The weaving may be complete, but the Lady and Unicorn tapestry is not ready for the wall. Unlike Navajo weaving where, once off the loom, only the corner tassels need tying and it’s ready to go, Flemish style tapestry (including techniques from the medieval period) utilize “slit weaving,” which allows the weaver to focus on a particular part of the tapestry (unlike Navajo, which works the entire width each row). This “slit weaving” method, I have found, makes a crucial difference in my ability to focus on a highly complex portion of the textile image at a time, rather than trying to remember my shading and dynamic intent across the whole of the piece at once.
The trouble with slit weaving is that, when released from the tension of the loom, you can often stick your finger between the colors! This does not make the piece durable or able to hold its own weight when hung. This is especially true for Flemish style tapestries that, like “Deceiving the Hunters,” are woven on their side. When mounted, the weft threads rather than the warp bear the weight.
So what to do with all those slits? Working on the back of the piece, they have to be carefully hand stitched together using threads that match the colors of the slits being worked. The goal is to create structure and rigidity but remain invisible, so that only the weaving shows on the front, not the stitching.
In Navajo textiles, the rule is that the special “interlock” method that allows these tapestries to come off the loom with no need for stitching is used whenever two colors touch for four or more row ends (eight rows). So when stitching my Flemish tapestries, I follow this rule and stitch together any slits four or more loops high. In a piece as complicated as “Deceiving the Hunters,” this was hundreds and hundreds of places! From stabilizing the lady’s eyes to around every leaf to the strands in the unicorn’s mane and everywhere else, the task was considerably daunting.
In some places, the work had become so fine, the weaving involved wrapping the weft around a single warp for many rows. To stabilize these parts, I would catch the loop on one side, go through the wrapped warp, then catch the loop on the other side and come back. With one hand underneath the piece to feel if the needle was coming through and the other stitching away, endless hours of attention to detail ensued. But the resulting strength, rigidity, and durability to the piece is certainly worth the effort! After a careful steaming and securing the warp ends (as shown left), I stitched on the freshwater pearls carefully saved to adorn the lady’s headdress and sleeve cuffs. Now it was time to add the backing to the tapestry.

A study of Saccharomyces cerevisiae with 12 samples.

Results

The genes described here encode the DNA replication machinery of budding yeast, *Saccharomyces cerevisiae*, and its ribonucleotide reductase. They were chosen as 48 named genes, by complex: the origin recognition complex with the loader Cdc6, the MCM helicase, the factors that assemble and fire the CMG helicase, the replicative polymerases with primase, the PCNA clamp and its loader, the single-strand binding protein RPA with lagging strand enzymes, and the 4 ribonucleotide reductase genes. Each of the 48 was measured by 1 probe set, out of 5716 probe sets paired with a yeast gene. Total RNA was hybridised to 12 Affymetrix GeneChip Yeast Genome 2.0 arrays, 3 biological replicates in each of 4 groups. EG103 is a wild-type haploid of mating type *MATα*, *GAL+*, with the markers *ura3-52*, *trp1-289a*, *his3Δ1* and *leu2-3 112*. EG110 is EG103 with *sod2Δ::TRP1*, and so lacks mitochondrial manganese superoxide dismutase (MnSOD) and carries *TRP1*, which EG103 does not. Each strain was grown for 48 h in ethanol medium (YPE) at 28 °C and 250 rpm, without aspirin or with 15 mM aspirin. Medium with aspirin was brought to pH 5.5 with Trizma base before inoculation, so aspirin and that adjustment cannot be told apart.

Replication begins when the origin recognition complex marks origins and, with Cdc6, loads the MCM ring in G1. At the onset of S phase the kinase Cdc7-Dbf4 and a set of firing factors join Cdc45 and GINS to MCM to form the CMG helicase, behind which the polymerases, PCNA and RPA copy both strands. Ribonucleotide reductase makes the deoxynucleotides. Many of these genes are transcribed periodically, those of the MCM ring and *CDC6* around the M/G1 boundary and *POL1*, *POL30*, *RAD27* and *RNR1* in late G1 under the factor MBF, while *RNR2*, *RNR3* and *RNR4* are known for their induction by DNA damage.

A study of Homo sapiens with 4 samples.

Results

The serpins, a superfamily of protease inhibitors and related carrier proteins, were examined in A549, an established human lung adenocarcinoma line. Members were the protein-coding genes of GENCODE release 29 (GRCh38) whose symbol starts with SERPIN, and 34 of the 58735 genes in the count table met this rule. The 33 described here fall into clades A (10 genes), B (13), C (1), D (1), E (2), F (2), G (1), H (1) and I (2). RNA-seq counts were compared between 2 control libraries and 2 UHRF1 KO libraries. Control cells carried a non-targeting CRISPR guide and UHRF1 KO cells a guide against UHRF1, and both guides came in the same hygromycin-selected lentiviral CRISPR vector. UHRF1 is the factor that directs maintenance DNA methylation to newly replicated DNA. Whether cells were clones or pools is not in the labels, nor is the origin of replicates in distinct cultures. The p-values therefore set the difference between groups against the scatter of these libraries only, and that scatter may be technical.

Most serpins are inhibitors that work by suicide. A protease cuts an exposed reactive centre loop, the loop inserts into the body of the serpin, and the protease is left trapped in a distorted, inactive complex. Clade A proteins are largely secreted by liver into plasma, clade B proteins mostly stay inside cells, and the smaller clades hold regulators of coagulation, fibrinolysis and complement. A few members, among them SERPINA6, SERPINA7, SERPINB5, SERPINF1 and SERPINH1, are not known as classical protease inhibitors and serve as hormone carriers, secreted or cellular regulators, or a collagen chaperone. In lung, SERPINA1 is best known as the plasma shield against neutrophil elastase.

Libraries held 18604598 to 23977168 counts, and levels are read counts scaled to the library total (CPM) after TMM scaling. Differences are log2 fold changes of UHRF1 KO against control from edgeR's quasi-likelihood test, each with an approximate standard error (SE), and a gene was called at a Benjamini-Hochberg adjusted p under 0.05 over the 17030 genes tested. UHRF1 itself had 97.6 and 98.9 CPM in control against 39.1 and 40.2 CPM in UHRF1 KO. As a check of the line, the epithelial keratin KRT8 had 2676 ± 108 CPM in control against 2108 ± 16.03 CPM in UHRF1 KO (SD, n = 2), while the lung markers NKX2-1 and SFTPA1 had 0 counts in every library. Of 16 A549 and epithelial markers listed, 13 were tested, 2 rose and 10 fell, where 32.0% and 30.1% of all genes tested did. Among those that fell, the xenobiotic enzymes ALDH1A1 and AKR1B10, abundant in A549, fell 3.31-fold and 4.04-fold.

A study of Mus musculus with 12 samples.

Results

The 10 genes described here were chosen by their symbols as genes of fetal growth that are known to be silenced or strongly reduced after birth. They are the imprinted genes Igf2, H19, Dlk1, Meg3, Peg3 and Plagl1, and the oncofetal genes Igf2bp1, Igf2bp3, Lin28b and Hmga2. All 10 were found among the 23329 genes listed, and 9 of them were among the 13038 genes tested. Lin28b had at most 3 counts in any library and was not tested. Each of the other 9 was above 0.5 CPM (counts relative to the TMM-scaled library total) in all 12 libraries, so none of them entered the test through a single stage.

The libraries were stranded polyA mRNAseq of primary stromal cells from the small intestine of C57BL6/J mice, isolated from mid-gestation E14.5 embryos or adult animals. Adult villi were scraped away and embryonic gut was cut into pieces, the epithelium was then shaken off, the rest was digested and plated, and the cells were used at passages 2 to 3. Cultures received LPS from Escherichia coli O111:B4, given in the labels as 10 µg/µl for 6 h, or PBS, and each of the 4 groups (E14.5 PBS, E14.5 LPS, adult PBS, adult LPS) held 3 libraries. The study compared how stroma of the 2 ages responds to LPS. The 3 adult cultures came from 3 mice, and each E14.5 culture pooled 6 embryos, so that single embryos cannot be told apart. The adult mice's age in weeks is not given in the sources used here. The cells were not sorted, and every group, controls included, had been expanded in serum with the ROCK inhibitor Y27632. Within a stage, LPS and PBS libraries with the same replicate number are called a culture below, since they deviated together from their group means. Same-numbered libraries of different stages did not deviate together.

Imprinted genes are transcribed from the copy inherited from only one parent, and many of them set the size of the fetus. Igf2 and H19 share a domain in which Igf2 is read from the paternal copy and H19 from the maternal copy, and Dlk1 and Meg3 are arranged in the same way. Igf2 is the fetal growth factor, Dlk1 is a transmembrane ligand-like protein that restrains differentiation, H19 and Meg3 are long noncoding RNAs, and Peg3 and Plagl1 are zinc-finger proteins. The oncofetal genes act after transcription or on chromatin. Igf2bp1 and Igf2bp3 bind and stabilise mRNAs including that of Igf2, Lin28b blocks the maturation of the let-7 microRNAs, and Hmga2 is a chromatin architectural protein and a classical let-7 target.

It is not traditional in Navajo tapestry to sew on a backing, since these were originally designed to be worn as blankets, but I had read that medieval tapestries were given a linen backing and saw that other contemporary tapestry artists were still using this technique. It helps to also disperse the weight of the piece and protect the back from moths that would attack the wool. Using a quilting “running stitch,” the backing is basted onto the piece every two inches to keep it from “pillowing” out and act as a single textile. A pocket at the top holds the wood slat that allows the tapestry to be hung evenly upon the wall.
Stitching, stitching, stitching away… I had a dent in my right middle finger for a week from pushing the needle through! Who knows how many yards of thread the process required. But as the last seam was complete and the eyelets screwed into the mounting wood, finally, finally the tapestry was ready for the wall. It has been a long time coming for that moment when I could stand back and see the piece as a whole, in its rightful orientation (instead of sideways, as it was while weaving) in the way it will be viewed for the rest of its lifetime on this earth. Time for a photo shoot!